It usually starts from birth!
The minute she popped out and had her first cry; relatives ran to her cot to see whether she was as fair as their great grandfather (who ruined the light hue in the family by marrying a very dark woman with a broad nose) or as dark as her own father.
They see the signs of coffee hue entrenched in her ears, lips and knuckles – and she’s only a minute old! What would she look like in 24hours???
They hide their disappointment with smiles and try to mask their shock with empty words – “so is it true Fahti is getting married next week…”
She got her first doll at three – it had blonde hair and light plastic skin so bright. When she grew older, she would place the doll’s hand on hers and marvel at such contrast in skin colour.
Her first crush was in primary school. She fantasized about him all through primary four; until the gist went round school that the boy liked Cassandra – the very light skinned air-head a class lower! She cried at home, and wouldn’t watch TV for days because all the girls looked so fair like that girl who “stole” her man!
High school came with all the aplomb! She excelled in her class work, but not with the boys – no one looked at her for very long. That was when she took a good look in the mirror –dark skin, square head, flat nose and full lips.
“I am ugly,” she cried.
Most other black women had some kind of “white” feature, but she had the typical look of a black woman, and that meant she was thoroughly unattractive.
In University she gave her virginity to a lad who, she later discovered, had other women. It was in that state of brokenness and depression that she walked into a store and picked a pack of hydroquinone product.
“May be if I could be a tone lighter I’d be happy”.
She believed strongly that “black” exaggerated many flaws and would be a stumbling block to realising her dreams and aspirations. The first week, she looked sunnier – it was the cream doing wonders to her physical beauty and her emotions! In a different colour, she could appreciate herself. Men smiled her way and her self-esteem was restored.
Her first job was at a bank. The customers liked her. In a fair complexion she could conquer her world; walk into any office and get their attention. She was fair, she was alive, and she was “complete”! With her money, she indulged in expensive weaves. Inspired by magazines all over the world, she could achieve the Kim Kardashian look in a second; and in another second become a photocopy of Jennifer Lopez! With straight silky hair and bright cheery skin, she had finally achieved the standard beauty acceptable all over the world!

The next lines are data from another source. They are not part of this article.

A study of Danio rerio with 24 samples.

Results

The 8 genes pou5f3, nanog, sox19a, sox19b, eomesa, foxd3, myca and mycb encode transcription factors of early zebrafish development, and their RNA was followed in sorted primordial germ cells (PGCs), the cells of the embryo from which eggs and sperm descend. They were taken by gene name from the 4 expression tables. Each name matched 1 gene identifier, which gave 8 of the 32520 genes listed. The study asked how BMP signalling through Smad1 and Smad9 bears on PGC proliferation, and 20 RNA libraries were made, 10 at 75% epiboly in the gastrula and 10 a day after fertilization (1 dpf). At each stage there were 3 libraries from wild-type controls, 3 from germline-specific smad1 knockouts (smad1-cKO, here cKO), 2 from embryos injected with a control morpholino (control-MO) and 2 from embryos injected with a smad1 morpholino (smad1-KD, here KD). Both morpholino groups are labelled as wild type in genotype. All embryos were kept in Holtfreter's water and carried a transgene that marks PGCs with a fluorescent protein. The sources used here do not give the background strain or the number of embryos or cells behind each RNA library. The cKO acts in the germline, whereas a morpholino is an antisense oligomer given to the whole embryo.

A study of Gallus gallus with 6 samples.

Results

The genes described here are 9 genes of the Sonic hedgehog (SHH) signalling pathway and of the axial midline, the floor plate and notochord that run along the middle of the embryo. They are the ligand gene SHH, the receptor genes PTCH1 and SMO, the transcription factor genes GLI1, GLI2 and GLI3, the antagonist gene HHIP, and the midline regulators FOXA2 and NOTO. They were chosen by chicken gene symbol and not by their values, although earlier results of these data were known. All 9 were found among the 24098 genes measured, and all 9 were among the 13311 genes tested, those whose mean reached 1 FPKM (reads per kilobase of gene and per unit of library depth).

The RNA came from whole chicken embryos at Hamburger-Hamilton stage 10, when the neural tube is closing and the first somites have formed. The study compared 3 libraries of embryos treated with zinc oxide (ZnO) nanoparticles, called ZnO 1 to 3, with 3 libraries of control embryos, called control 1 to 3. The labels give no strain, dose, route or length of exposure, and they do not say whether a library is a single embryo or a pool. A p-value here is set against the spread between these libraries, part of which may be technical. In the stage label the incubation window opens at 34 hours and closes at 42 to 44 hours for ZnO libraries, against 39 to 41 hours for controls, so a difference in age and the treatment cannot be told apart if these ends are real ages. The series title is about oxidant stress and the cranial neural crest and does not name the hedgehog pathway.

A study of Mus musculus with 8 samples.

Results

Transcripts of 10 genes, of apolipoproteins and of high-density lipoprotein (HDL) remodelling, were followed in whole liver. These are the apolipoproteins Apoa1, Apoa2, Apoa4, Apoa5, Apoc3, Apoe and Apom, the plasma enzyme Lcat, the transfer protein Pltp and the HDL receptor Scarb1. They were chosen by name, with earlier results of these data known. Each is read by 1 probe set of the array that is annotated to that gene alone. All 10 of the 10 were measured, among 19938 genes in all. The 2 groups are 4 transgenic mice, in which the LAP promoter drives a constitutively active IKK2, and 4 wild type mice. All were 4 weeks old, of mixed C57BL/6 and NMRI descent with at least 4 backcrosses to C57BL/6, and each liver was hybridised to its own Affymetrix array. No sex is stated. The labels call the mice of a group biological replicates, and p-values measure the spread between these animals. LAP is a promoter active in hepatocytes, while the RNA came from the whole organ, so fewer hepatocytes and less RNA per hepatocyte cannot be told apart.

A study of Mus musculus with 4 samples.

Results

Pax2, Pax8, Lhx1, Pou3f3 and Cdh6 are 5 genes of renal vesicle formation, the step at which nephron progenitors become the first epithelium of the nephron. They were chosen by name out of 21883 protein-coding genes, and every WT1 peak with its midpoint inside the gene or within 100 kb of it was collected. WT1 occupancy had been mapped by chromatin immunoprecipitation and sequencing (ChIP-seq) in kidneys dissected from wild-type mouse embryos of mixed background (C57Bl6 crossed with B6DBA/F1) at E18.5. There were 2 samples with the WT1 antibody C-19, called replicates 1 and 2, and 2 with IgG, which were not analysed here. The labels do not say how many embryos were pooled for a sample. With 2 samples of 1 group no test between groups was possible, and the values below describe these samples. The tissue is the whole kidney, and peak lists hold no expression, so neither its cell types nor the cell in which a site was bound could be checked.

Under all that posturing, were moments when she struggled with her identity, self-esteem issues, self-hate and bitterness.
Being black seems like a liability in a world that is tilted towards certain types of women. Society’s perception of beauty alienates blacks and black features– hair is one. Black women find it difficult to grow a relationship with their own hair. “I cannot come to terms with my own hair; I have no relationship with it. It is rebellious to say the least, how can I work with something I don’t understand?” cried one black woman.
From magazines, to billboards, TV series to Hollywood magic, some of the best brands of the world are laced with white sentiments. Since many black women cannot beat the society – learn to love their nappy hair, their skin colour; they are forced to “join them” and find whatever they can to bring themselves closer to what the stereotype beauty represents.
The average black girl wants a magic wand that can alter her physical attributes drastically. To a large extent, she feels cheated by a society that constantly parades the Caucasian woman as the ideal benchmark for beauty.
The question is: why isn’t black skin enough? Why do black women aspire to other kinds of beauty? How can we begin to appreciate who we are- our skin and our features?
There are snide remarks about men preferring light-skinned women. How authentic is this accusation when we know thousands of men who are in good relationships with women of colour? Is it fair to drop this guilt on men? And if truly men want their women lighter, what has that got to do with you and the life you choose to live? Why would you pattern your lifestyle and preferences around the need of another human being?
I have had conversations with women where beauty is classified, for the black woman, with phrases like:
“She’s cute. She has a pointed nose.”
“Her lips are thin and sexy…”
These are largely European features, no?
So what if she comes with a square head, full lips, small eyes and thick thighs? Shouldn’t that be beautiful enough?